Summary: A photo of her sons. A doormat from Target. Twenty-three tubs of fabric. Somehow it comforts Lily to list the things she lost when a wildfire engulfed the Santa Barbara avocado ranch she shared with her husband, Tom. He, too, didn't survive the devastating fire. His last act was to save her grandmother's lace from the flames-an heirloom she has never been able to take scissors to, that she was saving for someday.
As she negotiates her way through grief, mourning both the tangible and intangible, Lily wonders about her long marriage. Was it worth all the work, the self-denial? Did she stay with Tom just to avoid loneliness? Should she have been more like her mother, Eleanor-thrice- married and, even now in her elderly years, cavalier about men and, it seems, even about her daughter's emotions?
Now, it's up to Lily to understand what she could still gain even when it seems that everything is lost. -- Berkley
I consider myself to be a pretty big fan of Jennie Nash. I really enjoyed THE ONLY TRUE GENIUS IN THE FAMILY (my review) and I think her writing is just so good. So when I heard that she had a new novel coming out called THE THREADBARE HEART which explores love, marriage, and mother-daughter relationships, I knew I wanted to read it!
THE THREADBARE HEART deeply touched my heart. There were so many universal themes in this book which I found myself relating to, but I absolutely loved how Ms. Nash delved into the topics of love and marriage. She showed how there are many different types of marriages (love, convenience, obligation, etc.) and how they worked or didn't work for the couples involved. She also demonstrated that different people have different expectations about marriage and different needs as well. I can't remember ever reading a book that explored marriage and love like this one.
All too often in today's books, I read about the "love" which is really passion in relationships. But realistically, five, ten, twenty years down the road, most relationships that survive aren't based on that passion. I'm not saying that the passion still isn't there in some form; but in my opinion, as you grow older together, you realize that love and marriage are about so much more than that. THE THREADBARE HEART really made me take a look at myself and my marriage. I'm thrilled that the book really made me think, and I'm happy (and content) with the decisions I've made in my life.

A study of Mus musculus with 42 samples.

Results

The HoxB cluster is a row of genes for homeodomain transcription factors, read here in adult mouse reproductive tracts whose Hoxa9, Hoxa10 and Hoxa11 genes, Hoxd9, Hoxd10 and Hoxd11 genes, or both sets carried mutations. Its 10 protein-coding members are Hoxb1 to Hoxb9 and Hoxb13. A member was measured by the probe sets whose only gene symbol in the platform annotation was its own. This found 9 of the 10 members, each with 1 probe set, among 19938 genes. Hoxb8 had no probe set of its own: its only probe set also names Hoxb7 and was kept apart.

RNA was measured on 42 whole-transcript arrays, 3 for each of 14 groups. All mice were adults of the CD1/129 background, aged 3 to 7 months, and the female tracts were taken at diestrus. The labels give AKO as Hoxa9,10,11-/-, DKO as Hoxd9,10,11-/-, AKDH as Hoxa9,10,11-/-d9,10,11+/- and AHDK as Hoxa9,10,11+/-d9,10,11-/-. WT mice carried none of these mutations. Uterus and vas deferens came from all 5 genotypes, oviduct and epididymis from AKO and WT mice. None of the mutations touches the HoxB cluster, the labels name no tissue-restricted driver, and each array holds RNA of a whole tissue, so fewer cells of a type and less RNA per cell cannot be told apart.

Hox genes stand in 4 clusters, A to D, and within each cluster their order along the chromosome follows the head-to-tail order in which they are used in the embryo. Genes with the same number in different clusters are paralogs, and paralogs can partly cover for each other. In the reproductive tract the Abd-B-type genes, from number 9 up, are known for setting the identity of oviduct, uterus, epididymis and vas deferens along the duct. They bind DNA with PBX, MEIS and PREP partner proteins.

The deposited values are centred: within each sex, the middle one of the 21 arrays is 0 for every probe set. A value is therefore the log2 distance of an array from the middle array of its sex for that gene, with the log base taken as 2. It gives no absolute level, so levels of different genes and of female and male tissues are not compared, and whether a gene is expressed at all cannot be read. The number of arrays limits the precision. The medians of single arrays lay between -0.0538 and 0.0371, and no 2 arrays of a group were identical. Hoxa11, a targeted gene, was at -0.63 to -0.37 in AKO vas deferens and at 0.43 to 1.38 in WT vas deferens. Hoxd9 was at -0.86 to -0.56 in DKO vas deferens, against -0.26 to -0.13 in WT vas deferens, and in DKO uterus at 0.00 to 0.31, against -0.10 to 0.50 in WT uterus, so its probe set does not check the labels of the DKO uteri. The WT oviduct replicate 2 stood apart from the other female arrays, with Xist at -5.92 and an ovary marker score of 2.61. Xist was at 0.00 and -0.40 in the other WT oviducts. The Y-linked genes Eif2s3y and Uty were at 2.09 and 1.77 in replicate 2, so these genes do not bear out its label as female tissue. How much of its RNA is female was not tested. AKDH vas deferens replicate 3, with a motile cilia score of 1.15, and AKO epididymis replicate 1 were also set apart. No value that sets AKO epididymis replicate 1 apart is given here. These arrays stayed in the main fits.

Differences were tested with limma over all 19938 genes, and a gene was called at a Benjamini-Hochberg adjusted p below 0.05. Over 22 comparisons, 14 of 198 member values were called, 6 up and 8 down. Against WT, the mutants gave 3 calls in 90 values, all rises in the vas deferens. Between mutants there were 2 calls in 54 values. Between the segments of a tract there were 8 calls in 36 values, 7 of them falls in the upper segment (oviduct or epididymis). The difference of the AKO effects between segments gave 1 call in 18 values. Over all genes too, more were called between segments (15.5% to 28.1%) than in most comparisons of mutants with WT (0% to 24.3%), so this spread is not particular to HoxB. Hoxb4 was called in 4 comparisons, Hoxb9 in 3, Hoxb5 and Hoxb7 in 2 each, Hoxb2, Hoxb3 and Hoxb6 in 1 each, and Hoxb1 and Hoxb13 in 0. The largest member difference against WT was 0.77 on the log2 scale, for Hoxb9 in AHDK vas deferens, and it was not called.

I also appreciated that the book brought up the question of how well do you ever know someone? Even though Lily and Tom had been married for around 25 years, she still had doubts and insecurities about their marriage. I think many readers will relate to this part of the story, but I also liked how the author made me question how well I know others in my life. In THE THREADBARE HEART, Lily and her mother Eleanor were extremely different and seemed to have little in common. Much of Lily's ideas about her mother had existed for many years -- some even since Lily's childhood. Throughout the years, both Lily and her mother made many assumptions about each other; and they didn't really take the time to talk (and listen) and get to know each other.
Another part of this novel that really affected me was the theme of loss. Eleanor had lost a few of her husbands (although she didn't seem to really mind), Lily lost the love of her life; and because Eleanor was elderly, she saw many of her friends pass away. I think all of the loss in this novel was kind of a wake-up call for me. I see the value of visiting family, sharing my thoughts and emotions, as well as never taking anything for granted. I'm telling you...this book will touch your heart!
THE THREADBARE HEART really is an ideal book club selection. There are some great discussion questions included in the book (but I couldn't find them on-line yet.) I also thought the two behind-the-scenes moments written by Ms. Nash that were in the back of the book enhanced the meaning of the novel. Some of the themes that you might want to explore further with your group include mother-daughter relationships, happiness, contentment, expectations, and of course marriage and love. There is also some symbolism in this novel which I thought was very well done, and I'd love to hear how others interpreted it.
THE THREADBARE HEART is just a beautiful book about relationships and especially mother-daughter relationships. If you are interested in winning a copy of this book or even a book club in a box, then make sure you check out the contest for "Who is Your Favorite Fictional Mother-Daughter Pair?"
Thanks to the author for sending me a review copy of this novel.